Biofeedback: Flying Through the Storm of Mental Illness.
It started, oddly enough, in the grocery store. Pushing my cart down the aisle, how could I know that just around the dairy case lurked a monster?
It wasn’t the strong odor of Limburger or the overly elated woman hawking pasty pizza rolls that made me anxious and sick to my stomach. My monster wasn’t so easy to see. It followed me closely. I could feel its foul breath on my neck. Super-sized and scary, yet it seemed invisible to everyone else.
I felt the need to run away, even with a cart full of food. The monster was causing my heart to race, my lungs to rasp, my pores to sweat. I was certain the pizza-roll person was giving me a suspicious stare. Was I possibly preparing to steal her booty and cram it into my purse?
Once, safe inside the car, my body started to relax. I had escaped my foe and a possible police call from the pizza roll lady.
A few weeks later, it happened again. Another crowded room filled with strangers, and there, hiding behind the scenery, was that same hateful monster. This time I recognized the signs. I hightailed it out of the shop, telling myself to run, run, run from the fear.
What was the cause: too many people in one place, bad fluorescent lighting, mind-numbing Muzak? But, as the weeks passed into months of dodging and ducking and desperately catching my breath, I realized this wasn’t just a fluke. Something serious was going on. I was beginning to avoid every area that represented a possible attack. Safe stations were now scarce.
I was off the tracks, with no control, no clear signal to tell me where to turn. Eventually it got so bad that I couldn’t leave my house. I was locked inside these symptoms that had a stranglehold on my sanity.
This bully managed to make me over. I turned into a hyper homebody, unwilling to venture out unless absolutely necessary. Even driving too far out of town could trigger trouble.
One night, after putting my baby to bed, I sat down to watch a sitcom. Humor was always a good remedy. Suddenly I felt it, the monster had stalked me to my last, remaining sanctuary. Stomach pain brought me to my knees. I couldn’t breathe, couldn’t move, couldn’t stop my heart from pounding.
My husband was on the road, unreachable. To my mortification, I dialed 911, again. The same paramedics who had showed up once before burst through my door in their stern boots and serious uniforms. They took one look at me, made a quick note of recognition, and recommended a morphine drip and a trip to the ER.
I wondered why none of the paramedics could see the mighty beast that sat inside the ambulance, that lingered as I lay on the hospital gurney, that wanted to possess every part of me, body and soul.
I spent the next five years on a medical hamster wheel, if you will, running around in circles through our broken system: meds that made me sick, psychologists that made empty promises, and too many psychiatrists far too willing to write a strong prescription. They said the pills might calm my brain. Though, admittedly, they had little idea of how a human brain actually worked.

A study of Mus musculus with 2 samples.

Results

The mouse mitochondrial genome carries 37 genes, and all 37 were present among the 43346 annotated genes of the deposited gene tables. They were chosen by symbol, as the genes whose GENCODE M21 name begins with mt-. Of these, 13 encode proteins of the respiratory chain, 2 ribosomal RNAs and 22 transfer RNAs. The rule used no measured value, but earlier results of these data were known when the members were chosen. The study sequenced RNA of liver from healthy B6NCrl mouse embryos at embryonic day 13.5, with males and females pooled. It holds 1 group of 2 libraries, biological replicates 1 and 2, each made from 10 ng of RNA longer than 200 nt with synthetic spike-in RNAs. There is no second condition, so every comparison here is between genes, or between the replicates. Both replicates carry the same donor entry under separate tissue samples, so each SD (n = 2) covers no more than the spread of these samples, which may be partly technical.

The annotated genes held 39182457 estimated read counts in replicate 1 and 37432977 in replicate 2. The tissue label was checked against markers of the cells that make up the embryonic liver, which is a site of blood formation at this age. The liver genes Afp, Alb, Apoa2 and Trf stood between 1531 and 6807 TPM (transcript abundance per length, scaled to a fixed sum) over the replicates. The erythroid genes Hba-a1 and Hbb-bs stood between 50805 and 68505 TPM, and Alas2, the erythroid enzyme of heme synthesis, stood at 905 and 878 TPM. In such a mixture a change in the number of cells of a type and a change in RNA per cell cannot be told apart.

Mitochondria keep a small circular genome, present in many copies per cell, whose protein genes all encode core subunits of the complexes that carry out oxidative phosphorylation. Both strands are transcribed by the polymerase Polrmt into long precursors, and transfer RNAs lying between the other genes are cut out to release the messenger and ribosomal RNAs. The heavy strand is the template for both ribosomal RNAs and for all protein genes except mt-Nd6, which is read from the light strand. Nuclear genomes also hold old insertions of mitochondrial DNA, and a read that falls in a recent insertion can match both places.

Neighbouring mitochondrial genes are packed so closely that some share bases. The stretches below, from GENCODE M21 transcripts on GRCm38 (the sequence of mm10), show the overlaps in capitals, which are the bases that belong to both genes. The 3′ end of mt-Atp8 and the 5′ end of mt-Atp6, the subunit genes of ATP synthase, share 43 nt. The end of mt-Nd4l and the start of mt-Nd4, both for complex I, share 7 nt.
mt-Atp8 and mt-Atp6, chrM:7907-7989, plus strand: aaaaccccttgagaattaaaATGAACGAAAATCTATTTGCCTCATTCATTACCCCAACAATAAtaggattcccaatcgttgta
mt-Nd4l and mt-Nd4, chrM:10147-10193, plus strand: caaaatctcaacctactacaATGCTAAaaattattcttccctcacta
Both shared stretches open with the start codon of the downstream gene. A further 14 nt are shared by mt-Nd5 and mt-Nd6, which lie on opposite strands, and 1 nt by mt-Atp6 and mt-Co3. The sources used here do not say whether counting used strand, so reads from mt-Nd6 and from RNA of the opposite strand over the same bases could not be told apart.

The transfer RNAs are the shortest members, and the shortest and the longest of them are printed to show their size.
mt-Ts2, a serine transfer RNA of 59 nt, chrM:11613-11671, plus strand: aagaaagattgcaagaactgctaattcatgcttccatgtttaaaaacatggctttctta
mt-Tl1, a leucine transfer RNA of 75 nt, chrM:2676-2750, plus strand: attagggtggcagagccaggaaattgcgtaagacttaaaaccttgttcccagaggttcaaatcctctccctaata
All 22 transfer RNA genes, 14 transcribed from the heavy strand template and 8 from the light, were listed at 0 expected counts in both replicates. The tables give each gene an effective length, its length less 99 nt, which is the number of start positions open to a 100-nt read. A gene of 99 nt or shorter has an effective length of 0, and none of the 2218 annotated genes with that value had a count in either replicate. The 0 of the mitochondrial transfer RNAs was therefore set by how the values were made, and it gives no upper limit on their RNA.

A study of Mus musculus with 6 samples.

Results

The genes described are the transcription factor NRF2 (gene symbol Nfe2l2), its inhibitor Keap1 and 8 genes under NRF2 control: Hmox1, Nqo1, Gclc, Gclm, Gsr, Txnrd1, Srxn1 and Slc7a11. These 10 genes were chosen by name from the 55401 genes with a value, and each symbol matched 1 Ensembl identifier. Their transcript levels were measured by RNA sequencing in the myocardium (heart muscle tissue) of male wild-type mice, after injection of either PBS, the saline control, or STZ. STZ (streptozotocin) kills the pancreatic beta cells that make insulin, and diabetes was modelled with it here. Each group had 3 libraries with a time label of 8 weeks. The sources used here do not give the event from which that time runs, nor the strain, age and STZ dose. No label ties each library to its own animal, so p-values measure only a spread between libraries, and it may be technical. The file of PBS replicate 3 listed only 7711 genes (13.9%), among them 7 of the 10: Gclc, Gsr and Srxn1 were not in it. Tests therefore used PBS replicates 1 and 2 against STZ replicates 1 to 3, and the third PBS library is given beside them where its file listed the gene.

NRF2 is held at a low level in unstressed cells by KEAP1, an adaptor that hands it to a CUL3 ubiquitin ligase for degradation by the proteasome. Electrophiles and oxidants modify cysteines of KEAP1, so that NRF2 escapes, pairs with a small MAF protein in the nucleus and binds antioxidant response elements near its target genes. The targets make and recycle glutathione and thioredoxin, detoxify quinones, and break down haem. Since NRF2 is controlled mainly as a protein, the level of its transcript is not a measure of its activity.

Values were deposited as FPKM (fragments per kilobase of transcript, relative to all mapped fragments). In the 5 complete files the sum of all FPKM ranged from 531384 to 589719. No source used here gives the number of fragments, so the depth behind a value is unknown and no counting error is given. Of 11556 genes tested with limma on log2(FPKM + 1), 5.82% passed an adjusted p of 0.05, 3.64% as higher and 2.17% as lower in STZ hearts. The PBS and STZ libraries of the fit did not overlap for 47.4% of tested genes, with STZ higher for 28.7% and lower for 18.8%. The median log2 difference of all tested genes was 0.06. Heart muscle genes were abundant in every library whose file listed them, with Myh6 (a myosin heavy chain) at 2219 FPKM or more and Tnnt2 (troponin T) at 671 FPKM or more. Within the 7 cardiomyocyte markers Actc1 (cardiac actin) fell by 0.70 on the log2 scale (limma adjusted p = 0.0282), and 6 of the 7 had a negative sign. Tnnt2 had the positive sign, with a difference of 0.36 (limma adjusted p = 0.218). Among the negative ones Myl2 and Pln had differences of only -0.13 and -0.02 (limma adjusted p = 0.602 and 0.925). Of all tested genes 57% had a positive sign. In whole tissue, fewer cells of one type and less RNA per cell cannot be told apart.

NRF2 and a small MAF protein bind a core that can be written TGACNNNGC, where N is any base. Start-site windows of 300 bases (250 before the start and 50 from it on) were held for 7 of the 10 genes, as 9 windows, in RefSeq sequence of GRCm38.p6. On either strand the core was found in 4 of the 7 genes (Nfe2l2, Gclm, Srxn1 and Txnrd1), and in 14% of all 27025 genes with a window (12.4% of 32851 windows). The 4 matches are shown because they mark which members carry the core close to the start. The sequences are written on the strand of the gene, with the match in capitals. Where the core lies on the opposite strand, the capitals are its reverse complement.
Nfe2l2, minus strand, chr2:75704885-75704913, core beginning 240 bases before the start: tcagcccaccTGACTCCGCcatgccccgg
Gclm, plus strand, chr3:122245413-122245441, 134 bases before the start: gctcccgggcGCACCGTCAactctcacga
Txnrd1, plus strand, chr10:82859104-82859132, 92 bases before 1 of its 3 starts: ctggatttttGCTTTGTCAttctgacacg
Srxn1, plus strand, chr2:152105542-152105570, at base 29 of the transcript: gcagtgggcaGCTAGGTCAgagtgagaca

Then, I discovered my deliverer. He practiced Biofeedback. I’d never heard of it. But, at this point, it was Bio or Goodbye Wendy. Our broken medical system had made everything worse and helped create a budding hypochondriac.
I sheepishly told him about the beast living inside my body. He shook his head, affirming my nightmare was real. He showed me a machine and gently hooked me up via several tentacles stuck onto my scalp. I felt kind of silly sitting there. What sort of Sci-Fi Witch Doctor was he anyway? Why was I willing to put my mistreated trust into his strong hands? Two words: last chance.
A small plane icon flew across the screen. Games? Were we going to play games when all I wanted to do was jump out of the nearest window, away from the monster that was me?
The doctor told me to try to make the plane fly in a straight line with my mind. My first few attempts produced a turbulent trip. But, for just a second, I was in the zone. The wavy lines on screen seemed to relax while, at the same time, my mind felt free and easy. I learned the true meaning of meditation. I could actually see my brainwaves calm themselves each time I took control inside my tiny cockpit.
I could see my monster slowly losing its powerful grip.
In a short while, I was able to fly into the zone soon after takeoff. My brain was being retrained. I’d taught it how to misbehave whenever an attack came my way. I’d given it permission to overreact until it was permanently set on a high 9 ready to race to 10 at the slightest stimuli. Now my war-weary grey matter was remembering how to be me at a 2 or 3.
I was less able to surge into panic mode, less likely to crash, less willing to let my monster take me on a wild ride.
With no meds, no psychiatrists, no chanting or chasing rainbows, my panic attacks eventually disappeared.
I’d searched high and low for a cure. Who knew it would come in the form of a tiny plane, in a cramped office, on the offbeat ward set up for oddball doctors and test-pilot psychotherapy?
I haven’t seen my monster in nearly 25 years, though I occasionally keep a keen eye out during periods of prolonged stress. And, if I catch wind of it, I simply hop into my cockpit and take off in my brain-powered plane. I learned to keep my mind more steady and flying safely through the storm of mental illness.
Wendy Schmidt has been writing short stories, essays and poetry for the last 10 years. Her pieces have been published in Verse Wisconsin, Chicago Literati, City Lake Poets, Literary Hatchet, Moon Magazine, Rebelle Society, and a number of anthologies. You can read one of her stories, The Curse Now Lifted, in the award-winning anthology, Shifts.